COLUMBIA — Doctors and other medical providers in South Carolina can refuse to perform non-emergency procedures they find objectionable under legislation steps from becoming law.
The bill approved 28-15 by senators May 10 protects doctors, nurses and health care facilities from lawsuits for denying non-lifesaving services they find wrong on moral or religious grounds.
Medical professionals fired for refusing to participate in treatments against their convictions could sue their employer.
Supporters say it’s about ensuring health care workers aren’t forced to violate their conscience. Opponents include LGBTQ advocates who contend it’s about enabling discrimination and denying needed care.
Sen. Larry Grooms, R-Bonneau, insisted that’s not the case, saying it’s about objections to procedures not people.
Examples of things he said no doctor, nurse, technician or medical student should be forced to participate in included assisted suicide, sterilization, genetic experimentation and research on embryonic stem cells. They could also deny giving hormonal treatments to transgender youth or writing birth control prescriptions to teenage girls, he acknowledged.
“No physician should lose their job because they decline to perform these services,” Grooms said. The so-called “right of conscience” bill “provides a layer of protection so they can say, ‘No, I won’t do this.'”
The bill would expand on existing state law protecting doctors who refuse to perform an abortion.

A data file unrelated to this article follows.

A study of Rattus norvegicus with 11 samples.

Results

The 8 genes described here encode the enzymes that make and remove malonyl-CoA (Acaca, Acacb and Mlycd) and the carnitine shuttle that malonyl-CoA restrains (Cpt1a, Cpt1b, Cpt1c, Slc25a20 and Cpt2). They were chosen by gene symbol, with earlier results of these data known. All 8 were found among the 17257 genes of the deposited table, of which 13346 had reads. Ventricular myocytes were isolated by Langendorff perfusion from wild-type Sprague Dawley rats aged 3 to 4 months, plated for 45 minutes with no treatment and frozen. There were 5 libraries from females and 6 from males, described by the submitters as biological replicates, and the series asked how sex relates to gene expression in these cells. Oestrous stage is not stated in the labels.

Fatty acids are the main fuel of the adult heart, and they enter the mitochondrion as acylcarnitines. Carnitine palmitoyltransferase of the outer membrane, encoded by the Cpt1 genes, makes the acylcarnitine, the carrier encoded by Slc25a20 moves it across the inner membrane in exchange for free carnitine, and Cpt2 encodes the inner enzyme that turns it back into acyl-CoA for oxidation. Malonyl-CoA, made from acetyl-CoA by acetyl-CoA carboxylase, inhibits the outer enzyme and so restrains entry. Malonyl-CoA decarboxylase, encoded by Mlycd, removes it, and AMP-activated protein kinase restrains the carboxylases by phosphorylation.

That 1974 law, passed in response to the U.S. Supreme Court’s landmark Roe v. Wade decision, says physicians, nurses and health care employees can’t be required to perform or assist in an abortion if they advise their employer of their objections in writing.
South Carolina is among 46 states that allow doctors to refuse to provide abortions, according to the New York-based Guttmacher Institute, a pro-choice research organization.
State law also already protects pharmacists who decline to provide emergency contraception known as the morning-after pill.
The legislation echoes expanded legal protections put in federal regulations in 2019 by the Trump administration.
The U.S. Department of Health and Human Services under President Joe Biden intends in the coming weeks to undo those rules, which were blocked by numerous court challenges.
States that passed similar legislation include Arkansas and Ohio, where it was inserted into that state’s budget package. A lawsuit challenging Ohio’s budget clause was filed last week.
A perfunctory vote in the Senate would return the bill to the House, which approved the bill 81-26 in March. If the House agrees to the Senate’s changes, the bill will head to Gov. Henry McMaster’s desk.